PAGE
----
Football players are protesting against Qatar’s 2022 World Cup
Connect with us


Football players are protesting against Qatar’s 2022 World Cup



Football players are protesting against Qatar’s 2022 World Cup

International football players are protesting the “violations of human rights by the State of Qatar”, a year and a half before the country hosts the FIFA World Cup, according to the Independent newspaper.

Football players had worn shirts with the words “human rights” written on them.

The article by David Harding defended the players’ stance, who are accused by some of “hypocrisy” because they did not take similar positions against other countries, like China, host of the Winter Olympics in Beijing in February 2022.

Football Players with Double Standards

Harding said that despite the perceived double standards of the players, ‘Nothing undermines the reason for the protests…which is the continued human rights concerns surrounding the treatment of workers in Qatar.’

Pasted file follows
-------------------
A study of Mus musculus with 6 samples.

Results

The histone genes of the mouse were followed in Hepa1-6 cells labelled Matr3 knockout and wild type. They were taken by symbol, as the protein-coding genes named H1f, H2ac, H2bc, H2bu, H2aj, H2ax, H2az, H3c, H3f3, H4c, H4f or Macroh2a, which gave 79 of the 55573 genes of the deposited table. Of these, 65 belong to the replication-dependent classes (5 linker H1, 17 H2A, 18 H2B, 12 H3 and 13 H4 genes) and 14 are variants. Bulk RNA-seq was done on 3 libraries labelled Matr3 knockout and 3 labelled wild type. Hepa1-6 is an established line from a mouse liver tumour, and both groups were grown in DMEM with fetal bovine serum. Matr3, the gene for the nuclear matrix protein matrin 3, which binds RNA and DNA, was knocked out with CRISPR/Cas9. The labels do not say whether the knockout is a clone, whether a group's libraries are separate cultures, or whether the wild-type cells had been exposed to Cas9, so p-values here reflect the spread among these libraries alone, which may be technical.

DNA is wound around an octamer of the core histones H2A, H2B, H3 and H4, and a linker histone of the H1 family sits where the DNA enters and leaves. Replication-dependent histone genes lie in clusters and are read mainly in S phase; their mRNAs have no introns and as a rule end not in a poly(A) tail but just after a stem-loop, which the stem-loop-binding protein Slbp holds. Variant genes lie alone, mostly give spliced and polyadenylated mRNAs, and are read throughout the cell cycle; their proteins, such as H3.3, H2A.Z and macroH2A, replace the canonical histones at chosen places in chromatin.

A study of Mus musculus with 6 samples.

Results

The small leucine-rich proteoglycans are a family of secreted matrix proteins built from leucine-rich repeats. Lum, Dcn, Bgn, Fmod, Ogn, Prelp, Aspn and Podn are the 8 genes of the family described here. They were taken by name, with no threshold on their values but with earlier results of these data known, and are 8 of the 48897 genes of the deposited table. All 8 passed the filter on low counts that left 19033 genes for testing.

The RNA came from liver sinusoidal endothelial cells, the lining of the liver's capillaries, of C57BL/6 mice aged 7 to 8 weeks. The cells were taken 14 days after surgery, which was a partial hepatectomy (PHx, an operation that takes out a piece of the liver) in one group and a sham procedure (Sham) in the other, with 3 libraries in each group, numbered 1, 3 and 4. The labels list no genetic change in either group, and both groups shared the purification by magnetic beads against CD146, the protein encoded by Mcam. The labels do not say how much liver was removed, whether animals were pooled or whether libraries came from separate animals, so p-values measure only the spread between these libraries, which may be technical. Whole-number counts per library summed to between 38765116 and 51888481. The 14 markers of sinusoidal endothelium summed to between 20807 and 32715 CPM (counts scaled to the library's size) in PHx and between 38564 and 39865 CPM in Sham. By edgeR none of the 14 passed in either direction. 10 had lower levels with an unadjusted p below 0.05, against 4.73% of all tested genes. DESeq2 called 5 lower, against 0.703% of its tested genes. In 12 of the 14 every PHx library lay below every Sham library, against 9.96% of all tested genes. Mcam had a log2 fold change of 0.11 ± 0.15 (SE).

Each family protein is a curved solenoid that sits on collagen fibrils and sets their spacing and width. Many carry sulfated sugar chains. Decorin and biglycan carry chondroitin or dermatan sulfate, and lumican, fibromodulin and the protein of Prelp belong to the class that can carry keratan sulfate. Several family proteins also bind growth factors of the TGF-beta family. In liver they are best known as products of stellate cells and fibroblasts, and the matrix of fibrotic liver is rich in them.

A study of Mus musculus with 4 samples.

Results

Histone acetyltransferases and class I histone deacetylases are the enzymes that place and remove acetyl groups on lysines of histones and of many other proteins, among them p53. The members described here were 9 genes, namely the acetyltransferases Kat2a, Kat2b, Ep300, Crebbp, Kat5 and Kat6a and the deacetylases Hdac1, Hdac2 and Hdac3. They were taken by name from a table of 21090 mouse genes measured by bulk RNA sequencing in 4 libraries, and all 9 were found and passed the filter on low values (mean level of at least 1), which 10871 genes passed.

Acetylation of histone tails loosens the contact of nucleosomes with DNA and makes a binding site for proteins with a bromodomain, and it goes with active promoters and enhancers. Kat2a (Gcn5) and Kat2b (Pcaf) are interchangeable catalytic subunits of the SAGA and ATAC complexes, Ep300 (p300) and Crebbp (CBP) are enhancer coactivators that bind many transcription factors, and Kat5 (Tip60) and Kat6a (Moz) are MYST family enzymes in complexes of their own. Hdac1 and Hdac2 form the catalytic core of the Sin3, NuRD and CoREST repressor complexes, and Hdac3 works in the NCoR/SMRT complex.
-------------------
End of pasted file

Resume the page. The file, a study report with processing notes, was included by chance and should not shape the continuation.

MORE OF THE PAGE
The article pointed out that Doha has undertaken some reforms under tremendous international pressure but also said, ‘Current events show that gains made remain fragile and a powerful domestic business class is pushing back against proposals.’ Emphasizing concerns over LGBT+ rights and treatment of women, the article said that these subjects are ‘both worthy of columns on their own,’ which will increasingly come to the fore before next year.

‘We should be applauding footballers – who have had little in the way of leadership from national politicians and FIFA – for taking a stand, as part of a new age of protest in sport, stretching from Colin Kaepernick through to Black Lives Matter,’ said Harding.

The writer referred to a recent report that revealed that 6,500 migrant workers have died in Qatar since then-FIFA-president Sepp Blatter announced the country as World Cup host in 2010. The report did not indicate that all of these workers’ deaths occurred on World Cup projects, though some have chosen to believe that. Qatar disputes the figure and says there have been 37 deaths linked to World Cup stadiums, the vast majority of these not linked to work.